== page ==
Cardinals Assemble to Vote for Pope

VATICAN CITY -- In a historic gathering steeped in intrigue, cardinals from six continents assembled Monday for their first conclave of the new millennium to elect a pope who will inherit John Paul II's mantle and guide the world's 1.1 billion Roman Catholics into a new era.

Representing 52 countries, the 115 crimson-robed "princes" of a church stung by priest sex-abuse scandals and an exodus of the faithful celebrated a midmorning Mass at St. Peter's Basilica before sequestering themselves in the Sistine Chapel at 4:30 p.m. local time. There, seated atop a false floor hiding electronic jamming devices designed to thwart eavesdroppers, they were to take an oath of secrecy, hear a meditation from a senior cardinal and decide whether to take a first vote or wait until Tuesday.

In his homily, Cardinal Joseph Ratzinger -- a powerful Vatican official from Germany whose name generated the most buzz in speculation about leading papal candidates -- drew applause from fellow cardinals as he asked God to give the church a "a pastor according to his own heart, a pastor who guides us to knowledge in Christ, to his love and to true joy."

But in unusually blunt terms, he made clear what type of pastor that should be: one who should not allow "a dictatorship of relativism" -- the ideology that there are no absolute truths -- to take deeper root.

"Having a clear faith, based on the creed of the church, is often labeled today as a fundamentalism," Ratzinger said. "Whereas relativism, which is letting oneself be tossed and 'swept along by every wind of teaching,' looks like the only attitude acceptable to today's standards. We are moving toward a dictatorship of relativism which does not recognize anything as for certain and which has as its highest goal one's own ego and one's own desires."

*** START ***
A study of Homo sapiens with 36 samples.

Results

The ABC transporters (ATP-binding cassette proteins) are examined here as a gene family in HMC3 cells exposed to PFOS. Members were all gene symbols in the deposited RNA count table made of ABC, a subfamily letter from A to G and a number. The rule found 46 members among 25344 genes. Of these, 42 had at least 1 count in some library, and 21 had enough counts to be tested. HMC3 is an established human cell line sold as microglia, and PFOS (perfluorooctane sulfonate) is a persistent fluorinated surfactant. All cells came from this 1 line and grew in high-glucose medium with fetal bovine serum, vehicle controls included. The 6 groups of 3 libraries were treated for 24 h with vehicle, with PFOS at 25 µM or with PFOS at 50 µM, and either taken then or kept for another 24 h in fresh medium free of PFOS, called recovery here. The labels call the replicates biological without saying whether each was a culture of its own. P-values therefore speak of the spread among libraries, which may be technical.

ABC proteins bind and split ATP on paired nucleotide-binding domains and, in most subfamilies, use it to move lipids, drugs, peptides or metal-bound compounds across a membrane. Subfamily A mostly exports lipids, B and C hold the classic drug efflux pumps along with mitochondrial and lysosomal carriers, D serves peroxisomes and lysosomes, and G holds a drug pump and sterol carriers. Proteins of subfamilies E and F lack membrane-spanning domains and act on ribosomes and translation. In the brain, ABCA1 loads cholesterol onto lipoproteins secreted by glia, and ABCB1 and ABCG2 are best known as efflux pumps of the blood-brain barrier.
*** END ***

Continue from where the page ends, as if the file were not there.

Thousands of pilgrims and tourists converged on St. Peter's Square to watch the chapel chimney for the white smoke that ultimately will tell the world that the church's 265th pontiff has been elected. The famous stove in the chapel also will bellow black smoke to signal any inconclusive session of voting.

The cardinals spent their first night in the super-secure Domus Sanctae Marthae, a hotel that John Paul had constructed inside Vatican City so they could rest in comfort between voting sessions. Swiss Guards saluted the prelates as they were whisked to the residence in limousines Sunday.

The daily La Stampa said cardinals gearing up for a stressful stretch of days had packed CD players and headphones in their bags along with prayer books and snacks to nibble on in their rooms.

Conspicuously missing from their quarters were cell phones, newspapers, radios, televisions and Internet connections -- all banned in new rules laid down by John Paul to minimize the chance of leaks to the outside world. Cooks, maids and drivers were sworn to secrecy, with excommunication the punishment for any indiscretion.